Alabama takes child support seriously. There is a clear expectation that both legal parents of a child contribute to that child’s upbringing. That’s why the basic calculation method used in this state requires both parents’ income. Even if one parent brings in a significantly lower income than the other, their earnings are still considered part of the child’s financial support.
A New Spouse Cannot Be Forced to Support a Stepchild
On that note, this obligation only extends to a person’s legal children. A stepparent does not have any legal obligation to provide financial support for a stepchild. As a result, their income cannot be used to figure out how much a biological parent owes. In the eyes of the state, the financial obligations of parenthood belong solely to the legal parents.
Of course, this does not stop the stepparent from willingly providing financial support to their stepchildren. In cases where a remarried biological parent is required to pay child support, the stepparent can pay that child support on their behalf. They can also provide additional support above and beyond what the child already receives from their biological parents.
Remarriage On Its Own Does Not Change Child Support
Since stepparents are not legally required to support their stepchildren, remarriage does not automatically change how child support is calculated or distributed. For example, if the custodial parent remarries someone with a high income, that doesn’t mean the other parent’s child support payments will decrease—the new partner’s income is not part of the child support calculations. The same is true for the non-custodial parent. If they remarry, that partner’s income does not count in child support calculations.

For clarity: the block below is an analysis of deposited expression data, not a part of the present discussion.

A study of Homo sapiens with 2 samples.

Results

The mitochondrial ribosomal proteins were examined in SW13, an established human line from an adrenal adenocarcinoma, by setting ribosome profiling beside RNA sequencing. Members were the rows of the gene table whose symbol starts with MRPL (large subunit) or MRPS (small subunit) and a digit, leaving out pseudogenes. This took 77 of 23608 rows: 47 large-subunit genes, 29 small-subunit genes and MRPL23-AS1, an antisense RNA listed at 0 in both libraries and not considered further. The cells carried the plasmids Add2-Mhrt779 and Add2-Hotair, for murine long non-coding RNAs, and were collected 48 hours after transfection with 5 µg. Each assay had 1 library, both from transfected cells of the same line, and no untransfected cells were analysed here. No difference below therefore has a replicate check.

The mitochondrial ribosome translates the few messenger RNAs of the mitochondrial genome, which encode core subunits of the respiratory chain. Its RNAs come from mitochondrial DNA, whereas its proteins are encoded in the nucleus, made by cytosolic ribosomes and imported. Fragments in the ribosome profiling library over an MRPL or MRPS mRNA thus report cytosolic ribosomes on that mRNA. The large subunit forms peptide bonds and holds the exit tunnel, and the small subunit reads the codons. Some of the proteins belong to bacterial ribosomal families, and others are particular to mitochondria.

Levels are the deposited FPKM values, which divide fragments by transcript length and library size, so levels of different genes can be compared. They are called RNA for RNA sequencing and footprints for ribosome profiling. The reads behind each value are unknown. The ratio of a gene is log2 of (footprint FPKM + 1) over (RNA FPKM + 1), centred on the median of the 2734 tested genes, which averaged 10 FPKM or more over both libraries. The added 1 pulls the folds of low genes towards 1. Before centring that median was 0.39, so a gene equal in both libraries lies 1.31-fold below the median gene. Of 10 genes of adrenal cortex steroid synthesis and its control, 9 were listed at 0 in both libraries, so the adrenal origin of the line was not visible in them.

Support May Be Modified If Circumstances Have Changed
While remarriage does not directly or automatically lead to changes in child support, it can still indirectly lead to a child support modification. This is primarily the case when one partner’s remarriage leads to a significant change in circumstances.
Consider, for example, a custodial parent who remarries someone with a much higher income. Assume that this new spouse covers the majority or all of the parent’s expenses. If the custodial parent had little to no disposable income prior to the marriage, the court may not have expected them to contribute much to the child’s financial support. However, now that the custodial parent has more disposable income, the court may increase the amount of support they are expected to contribute.
Note, though, that this is not usually the case when the non-custodial parent remarries and incurs more monthly expenses. It’s common for a non-custodial parent to remarry and then expect a decrease in child support, as they now have a spouse and their spouse’s kids to provide for.
The court does not see this as a good reason to decrease their obligation to their legal child. In general, the court views this as the non-custodial parent willingly taking on more responsibilities, which means that they can’t expect the other parent to subsidize that choice.
Clearly, the topic of remarriage and child support is fairly complicated and dependent on the specifics of each scenario.
Explore Your Legal Options with the Team at Kirk Drennan Law
Wondering if you’re entitled to receive more or pay less child support? It’s time to talk to a Birmingham family law attorney and find out what you should do next. Schedule a consultation with our team of experienced attorneys now. Just call us at 205-953-1424 or fill out our contact form to have a team member connect with you.